A Wash-out

No burning this year
No burning this year

Well worth noting in brief that the burning season finished on Tuesday. Having kept a close eye on the ground on the Chayne and on the syndicate ground in Galloway since Christmas, I must report than in four and a half months of legal burning time, it would only have been possible to have a fire during one and a half days. These days were in the middle of February, and given that nobody normally expects to burn in February in these parts, they passed us by because we weren’t ready or organised.

We usually hold on until the last week of March or early April, but this year it has been a total washout. The burning weather has been there, but it was never sustained for long enough to actually allow for a fire. Three or four times it came so close, then a shower or thick cloud set the clock back again. With the exception of the last few days, the sunshine has been in short supply, so while it has been dry, grey and breezy, the warmth has been lacking.

With all the talk of global warming, it is worth mentioning that we in South West Scotland now have 23% more rain each winter than we did in the 1960s. Burning is less feasible than that it was, not only because of wet weather but also because our heather has suffered from neglect and there is always commercial woodland nearby. This means that even when it is warm and dry enough to burn, getting it done is a major job. Fortunately there are a good few keepers and shepherds who do still burn in Galloway, and it is vital to keep these skills alive. A major obstacle to burning in marginal areas elsewhere in the U.K. is when moorland managers lose touch with the skills necessary to manage a fire, and so even when the weather is right, nobody has the confidence or desire to get stuck in.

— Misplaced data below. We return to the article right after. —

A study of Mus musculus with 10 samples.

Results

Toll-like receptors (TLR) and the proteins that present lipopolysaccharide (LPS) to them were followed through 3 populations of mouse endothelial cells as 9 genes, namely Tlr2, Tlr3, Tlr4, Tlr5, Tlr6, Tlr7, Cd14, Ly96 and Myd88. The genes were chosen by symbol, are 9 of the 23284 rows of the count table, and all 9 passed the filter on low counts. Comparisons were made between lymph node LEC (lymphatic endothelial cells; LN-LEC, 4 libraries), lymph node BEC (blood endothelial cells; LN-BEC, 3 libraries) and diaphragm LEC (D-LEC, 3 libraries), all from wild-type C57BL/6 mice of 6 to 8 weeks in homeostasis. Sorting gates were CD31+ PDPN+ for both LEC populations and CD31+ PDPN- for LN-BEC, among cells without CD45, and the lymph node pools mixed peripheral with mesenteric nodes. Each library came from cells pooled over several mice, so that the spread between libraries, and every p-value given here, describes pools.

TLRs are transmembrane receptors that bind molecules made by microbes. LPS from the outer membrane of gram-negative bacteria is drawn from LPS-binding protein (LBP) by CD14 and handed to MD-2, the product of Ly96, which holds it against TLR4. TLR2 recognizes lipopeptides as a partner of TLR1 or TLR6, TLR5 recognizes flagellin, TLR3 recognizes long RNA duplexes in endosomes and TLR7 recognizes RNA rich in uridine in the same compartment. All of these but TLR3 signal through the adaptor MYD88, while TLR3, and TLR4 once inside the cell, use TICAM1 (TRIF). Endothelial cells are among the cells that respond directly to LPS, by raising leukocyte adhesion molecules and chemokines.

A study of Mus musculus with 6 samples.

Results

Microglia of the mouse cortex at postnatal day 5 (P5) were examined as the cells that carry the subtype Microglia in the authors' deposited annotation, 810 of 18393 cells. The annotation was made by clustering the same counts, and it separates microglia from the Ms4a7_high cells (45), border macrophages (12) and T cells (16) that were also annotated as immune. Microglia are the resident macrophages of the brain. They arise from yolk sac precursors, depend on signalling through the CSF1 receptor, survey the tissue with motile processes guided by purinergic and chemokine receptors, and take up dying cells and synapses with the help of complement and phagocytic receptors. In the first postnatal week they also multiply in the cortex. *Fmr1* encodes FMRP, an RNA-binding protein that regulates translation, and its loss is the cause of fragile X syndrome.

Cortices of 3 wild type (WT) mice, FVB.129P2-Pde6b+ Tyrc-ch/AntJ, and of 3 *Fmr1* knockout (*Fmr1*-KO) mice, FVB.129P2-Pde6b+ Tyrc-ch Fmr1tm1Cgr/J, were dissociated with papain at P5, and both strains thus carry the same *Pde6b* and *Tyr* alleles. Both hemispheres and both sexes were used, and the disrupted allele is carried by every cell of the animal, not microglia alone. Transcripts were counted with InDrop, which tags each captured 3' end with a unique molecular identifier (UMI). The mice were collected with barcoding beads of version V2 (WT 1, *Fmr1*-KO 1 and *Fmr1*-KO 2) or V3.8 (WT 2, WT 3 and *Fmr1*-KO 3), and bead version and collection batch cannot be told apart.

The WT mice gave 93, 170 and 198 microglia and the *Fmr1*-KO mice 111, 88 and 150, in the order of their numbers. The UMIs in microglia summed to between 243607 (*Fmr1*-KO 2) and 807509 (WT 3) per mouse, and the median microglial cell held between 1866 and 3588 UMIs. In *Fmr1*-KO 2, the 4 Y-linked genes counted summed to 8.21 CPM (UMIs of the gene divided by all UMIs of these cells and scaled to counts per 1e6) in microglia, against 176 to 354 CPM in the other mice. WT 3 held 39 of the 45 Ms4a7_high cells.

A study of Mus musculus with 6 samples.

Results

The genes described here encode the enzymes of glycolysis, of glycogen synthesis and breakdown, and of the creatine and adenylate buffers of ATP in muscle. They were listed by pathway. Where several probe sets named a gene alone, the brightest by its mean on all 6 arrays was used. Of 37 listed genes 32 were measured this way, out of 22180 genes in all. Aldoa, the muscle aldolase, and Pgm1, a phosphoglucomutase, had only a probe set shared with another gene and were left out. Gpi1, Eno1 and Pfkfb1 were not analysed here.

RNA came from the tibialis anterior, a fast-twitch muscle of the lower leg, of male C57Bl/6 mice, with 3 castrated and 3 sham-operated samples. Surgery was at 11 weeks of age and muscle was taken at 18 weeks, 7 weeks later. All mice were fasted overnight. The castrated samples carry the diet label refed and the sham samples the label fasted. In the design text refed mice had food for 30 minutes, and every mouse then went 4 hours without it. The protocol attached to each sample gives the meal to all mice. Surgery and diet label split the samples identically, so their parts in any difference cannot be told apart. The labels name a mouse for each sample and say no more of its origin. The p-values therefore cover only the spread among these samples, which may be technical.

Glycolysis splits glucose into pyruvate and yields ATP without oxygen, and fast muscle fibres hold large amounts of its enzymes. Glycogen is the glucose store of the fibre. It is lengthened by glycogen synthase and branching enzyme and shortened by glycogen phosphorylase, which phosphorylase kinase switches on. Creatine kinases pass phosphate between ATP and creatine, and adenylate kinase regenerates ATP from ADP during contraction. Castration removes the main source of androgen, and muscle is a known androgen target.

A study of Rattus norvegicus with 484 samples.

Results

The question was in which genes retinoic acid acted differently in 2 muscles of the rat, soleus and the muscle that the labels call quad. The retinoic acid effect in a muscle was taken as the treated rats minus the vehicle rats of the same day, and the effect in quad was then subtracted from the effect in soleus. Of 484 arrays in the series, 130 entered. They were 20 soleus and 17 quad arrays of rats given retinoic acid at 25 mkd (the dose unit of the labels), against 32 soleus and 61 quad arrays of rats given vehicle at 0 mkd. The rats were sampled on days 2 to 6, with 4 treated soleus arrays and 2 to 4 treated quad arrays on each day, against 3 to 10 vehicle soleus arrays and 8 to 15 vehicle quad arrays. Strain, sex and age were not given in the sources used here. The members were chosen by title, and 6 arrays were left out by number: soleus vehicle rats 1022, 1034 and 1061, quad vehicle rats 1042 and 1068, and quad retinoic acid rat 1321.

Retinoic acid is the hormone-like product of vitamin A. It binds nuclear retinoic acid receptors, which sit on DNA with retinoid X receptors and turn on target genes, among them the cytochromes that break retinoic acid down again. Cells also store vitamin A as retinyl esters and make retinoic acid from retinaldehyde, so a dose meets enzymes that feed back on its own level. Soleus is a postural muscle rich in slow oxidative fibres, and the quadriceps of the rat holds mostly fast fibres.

Up in Angus and down in the North Pennines, there are always good spots to burn with well managed fire breaks which can allow for a fire in almost any conditions, but in Dumfries and Galloway the actual legwork of organising and preparing for a fire is slow and involves part-time man power which is difficult to source at short notice when the forecast looks promising. All of these factors (and more) have an impact on the viability of burning in a marginal area like this, and while there is no doubt that a flame is the best way of managing heather, alternatives like cutting seem more and more viable after a winter that is as wet as this one just passed.